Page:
Through many months, probably even years, our office kitchen lived in a state of abject squalor. In the fridge, cartons of milk congealed into blue cottage cheese. Humous grew a layer of thick, rich fur. And at the back, black slimy matter spread like something from a 1950s sci-fi horror movie. The shelves and kettle and sink and counter-tops fared little better. Old packets of muesli gathered dust and softness. Badly washed cups listed in the sink, never to be reused.
Then one of our team decided enough was enough. She was going in. Inspired by her guts and can do attitude, volunteers joined the cause. And soon a small army amassed, equipped with scrubbers and cleaning products. Shiny became the fridge. Clear stood the counters. Our recycling bins filled, and were emptied. And a system of responsibility for individual items and kitchen cleanliness was introduced. In the months since, we have never looked back. Our communal team kitchen remains a joy. We even bought a much loved coffee machine.
The morals are familiar -- people look after things when they're already in a good condition, and neglect things that have fallen into disrepair. Sometimes it only takes one person's example to make a difference. And of course -- better results are achieved through good teamwork.
But how does this relate to future cities and urban development? Currently 54 per cent of the world's population live in cities -- over 3.5 billion. Cities account for about 70 per cent of energy related greenhouse gas emissions (more per capita than rural areas). And in 2014, global CO2 emissions, which account for approximately 65 per cent of all greenhouse gas emissions, were nearly 36 giga-tonnes. Cities are heavily responsible for solid waste as well. One estimate suggests current waste from cities alone would fill 5,000 km of rubbish trucks per day; and that global urban waste is set to triple by 2100 on a business as usual basis.
Something is wrong when offices and schools have to be closed due to dangerous levels of air pollution -- a reality some are already living with.
As with kitchen maintenance, the imperative to develop and implement sustainability into our new cities, and renew and regenerate our failing ones, is self-evident. Only 10 people use our kitchen; 1.4 million people are moving into urban areas each week, so that by the end of this century 85 per cent of people will live in cities. The UN's medium projection for the global population in 2100 is 10 billion (with a low of six and high of 16), which means 8.5 billion in cities (thankfully for me the maths on that wasn't too taxing).
Responding to the implications of these statistics is a complex, multi-faceted challenge. Developing energy efficient buildings using smart architecture, design, and engineering will be important -- whether it's metering or insulating or underground heating. Policies will need to incentivise best practice or be punitive against the worst. There's also how we manage waste and transport -- if we do all this, yet commute long distances in our comfy single occupancy vehicles, we still have a problem. And the method of generating power into the grid matters -- coal, gas, nuclear, hydro, wind, solar, biomass -- as does the efficiency of the grid itself. Something is wrong when offices and schools have to be closed due to dangerous levels of air pollution -- a reality some are already living with. Breathing this level of pollution is like wiping your finger through the black slime at the back of our kitchen fridge, then licking it.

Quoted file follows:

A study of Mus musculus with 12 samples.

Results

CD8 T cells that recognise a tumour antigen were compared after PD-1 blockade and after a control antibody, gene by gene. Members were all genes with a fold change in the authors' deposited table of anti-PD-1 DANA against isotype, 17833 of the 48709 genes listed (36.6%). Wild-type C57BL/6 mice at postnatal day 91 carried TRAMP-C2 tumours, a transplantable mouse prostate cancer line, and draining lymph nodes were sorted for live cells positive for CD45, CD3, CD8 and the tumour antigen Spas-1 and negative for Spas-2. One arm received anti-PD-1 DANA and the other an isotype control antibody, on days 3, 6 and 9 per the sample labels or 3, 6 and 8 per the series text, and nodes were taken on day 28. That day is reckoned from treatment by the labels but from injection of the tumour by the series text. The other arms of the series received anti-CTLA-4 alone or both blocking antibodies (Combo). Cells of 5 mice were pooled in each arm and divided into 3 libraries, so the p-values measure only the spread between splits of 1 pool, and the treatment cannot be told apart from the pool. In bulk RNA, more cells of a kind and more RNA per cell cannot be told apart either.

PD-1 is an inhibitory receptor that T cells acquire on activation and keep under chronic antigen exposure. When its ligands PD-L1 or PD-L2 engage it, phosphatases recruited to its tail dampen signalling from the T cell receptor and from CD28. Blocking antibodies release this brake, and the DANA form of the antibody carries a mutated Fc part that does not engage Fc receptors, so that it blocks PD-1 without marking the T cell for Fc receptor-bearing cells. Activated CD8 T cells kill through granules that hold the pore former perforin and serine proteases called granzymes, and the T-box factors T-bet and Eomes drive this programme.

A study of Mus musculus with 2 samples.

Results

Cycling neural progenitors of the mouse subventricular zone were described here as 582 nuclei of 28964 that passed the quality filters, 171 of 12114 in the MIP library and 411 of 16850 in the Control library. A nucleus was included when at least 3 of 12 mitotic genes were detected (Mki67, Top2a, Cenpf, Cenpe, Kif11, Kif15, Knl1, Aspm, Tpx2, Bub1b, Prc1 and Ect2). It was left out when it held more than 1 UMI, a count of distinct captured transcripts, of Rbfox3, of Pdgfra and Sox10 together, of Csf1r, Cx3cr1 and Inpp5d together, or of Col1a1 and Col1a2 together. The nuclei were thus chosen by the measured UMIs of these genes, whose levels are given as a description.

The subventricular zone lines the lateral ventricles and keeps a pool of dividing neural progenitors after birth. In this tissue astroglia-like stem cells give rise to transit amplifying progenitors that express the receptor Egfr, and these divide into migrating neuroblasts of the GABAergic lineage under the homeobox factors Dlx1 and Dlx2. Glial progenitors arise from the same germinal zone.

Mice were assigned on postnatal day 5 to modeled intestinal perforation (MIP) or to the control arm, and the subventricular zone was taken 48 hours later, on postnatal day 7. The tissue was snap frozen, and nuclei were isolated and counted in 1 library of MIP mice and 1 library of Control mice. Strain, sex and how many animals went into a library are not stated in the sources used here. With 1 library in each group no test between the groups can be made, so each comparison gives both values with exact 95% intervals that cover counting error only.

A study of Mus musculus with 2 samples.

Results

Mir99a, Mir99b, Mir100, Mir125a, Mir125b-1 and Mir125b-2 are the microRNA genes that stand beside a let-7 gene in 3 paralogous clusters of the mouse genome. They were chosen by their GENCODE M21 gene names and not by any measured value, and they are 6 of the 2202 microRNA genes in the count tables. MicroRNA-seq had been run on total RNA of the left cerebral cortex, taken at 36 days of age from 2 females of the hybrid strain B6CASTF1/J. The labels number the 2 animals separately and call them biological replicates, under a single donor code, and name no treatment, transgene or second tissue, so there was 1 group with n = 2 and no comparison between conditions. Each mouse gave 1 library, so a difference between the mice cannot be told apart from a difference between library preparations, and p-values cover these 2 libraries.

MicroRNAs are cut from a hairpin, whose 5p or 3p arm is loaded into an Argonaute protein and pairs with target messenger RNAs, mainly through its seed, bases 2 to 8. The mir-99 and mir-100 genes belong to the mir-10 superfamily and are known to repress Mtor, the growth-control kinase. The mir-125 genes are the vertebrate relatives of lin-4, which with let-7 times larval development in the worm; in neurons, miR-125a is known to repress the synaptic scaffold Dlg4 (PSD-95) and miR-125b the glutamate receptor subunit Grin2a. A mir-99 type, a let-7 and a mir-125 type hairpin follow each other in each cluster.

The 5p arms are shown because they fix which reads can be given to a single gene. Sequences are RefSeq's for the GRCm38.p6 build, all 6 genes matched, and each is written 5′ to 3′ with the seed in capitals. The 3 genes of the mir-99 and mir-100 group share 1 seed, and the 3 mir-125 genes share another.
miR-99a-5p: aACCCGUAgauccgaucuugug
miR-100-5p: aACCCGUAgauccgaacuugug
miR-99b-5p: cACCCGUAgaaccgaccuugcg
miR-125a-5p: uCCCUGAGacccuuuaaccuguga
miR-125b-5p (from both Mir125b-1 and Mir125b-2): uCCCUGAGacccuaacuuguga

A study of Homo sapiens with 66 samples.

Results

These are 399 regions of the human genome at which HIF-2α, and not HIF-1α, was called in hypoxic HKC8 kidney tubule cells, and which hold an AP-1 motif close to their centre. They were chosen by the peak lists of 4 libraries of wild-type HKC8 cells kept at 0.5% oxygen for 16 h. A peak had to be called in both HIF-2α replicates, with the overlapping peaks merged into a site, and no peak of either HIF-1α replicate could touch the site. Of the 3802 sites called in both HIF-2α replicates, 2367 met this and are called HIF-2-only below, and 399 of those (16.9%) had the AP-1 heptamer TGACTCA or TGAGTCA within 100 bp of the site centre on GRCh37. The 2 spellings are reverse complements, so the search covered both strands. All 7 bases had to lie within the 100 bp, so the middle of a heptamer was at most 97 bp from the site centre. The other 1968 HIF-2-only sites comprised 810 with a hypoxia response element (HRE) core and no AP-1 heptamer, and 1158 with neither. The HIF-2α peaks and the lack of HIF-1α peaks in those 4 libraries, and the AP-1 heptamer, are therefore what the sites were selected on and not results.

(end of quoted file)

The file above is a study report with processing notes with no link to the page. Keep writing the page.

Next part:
Addressing this issue also calls for an approach that combines municipal, regional and national levels working together. It requires innovation and commitment in science, architecture, engineering and logistics. It requires finance. And more challenging still, it requires all these disciplines to collaborate across policy, academic and professional silos. Reassuringly, this cross-silo approach is already emerging, whether it's energy management in the campus at the University of British Columbia or the UK's Future Cities Catapult.
Valuable collaboration is taking place across geographies as well. If we are to be successful, we'll need to exhibit similar behaviour to the public's approach to web development -- willing and open partnerships and knowledge sharing. Groups such as the C40 cities initiative, which includes London and Vancouver; or the Under 2 MOU, including Bristol and British Columba, are already bringing together those trying to do something. At the Globe 2016 Conference, the UK and Canada are holding a forum on urban sustainable development to discuss and share best practice.
And of course it will require vision. Future cities are likely to look radically different from the ones we live in now. Homes may be connected to offices, to supermarkets or orchards, restaurants and hospitals. Schools may be virtual. Buildings may be heated by our waste. Urban parks and green spaces may be everywhere. The atmosphere is the limit. All of which means, importantly, they will be cities we want to live in, which we want to look after and care for. It's no coincidence that the environmental movement finds many of its roots in Vancouver -- I am writing this looking out across the city and waterway of English bay, across Stanley Park to the snow-capped forest covered mountains of the north shore.
When we inherit something in a beautiful condition, or when we create something new, or even when we take something in a bad condition and thoroughly renew it; from that moment on we look after it. By developing smarter cities, producing fewer greenhouse gas emissions and waste, we create better lives for those of us inhabiting it. Given there may well be 8.5 billion of us in there, this could be quite important.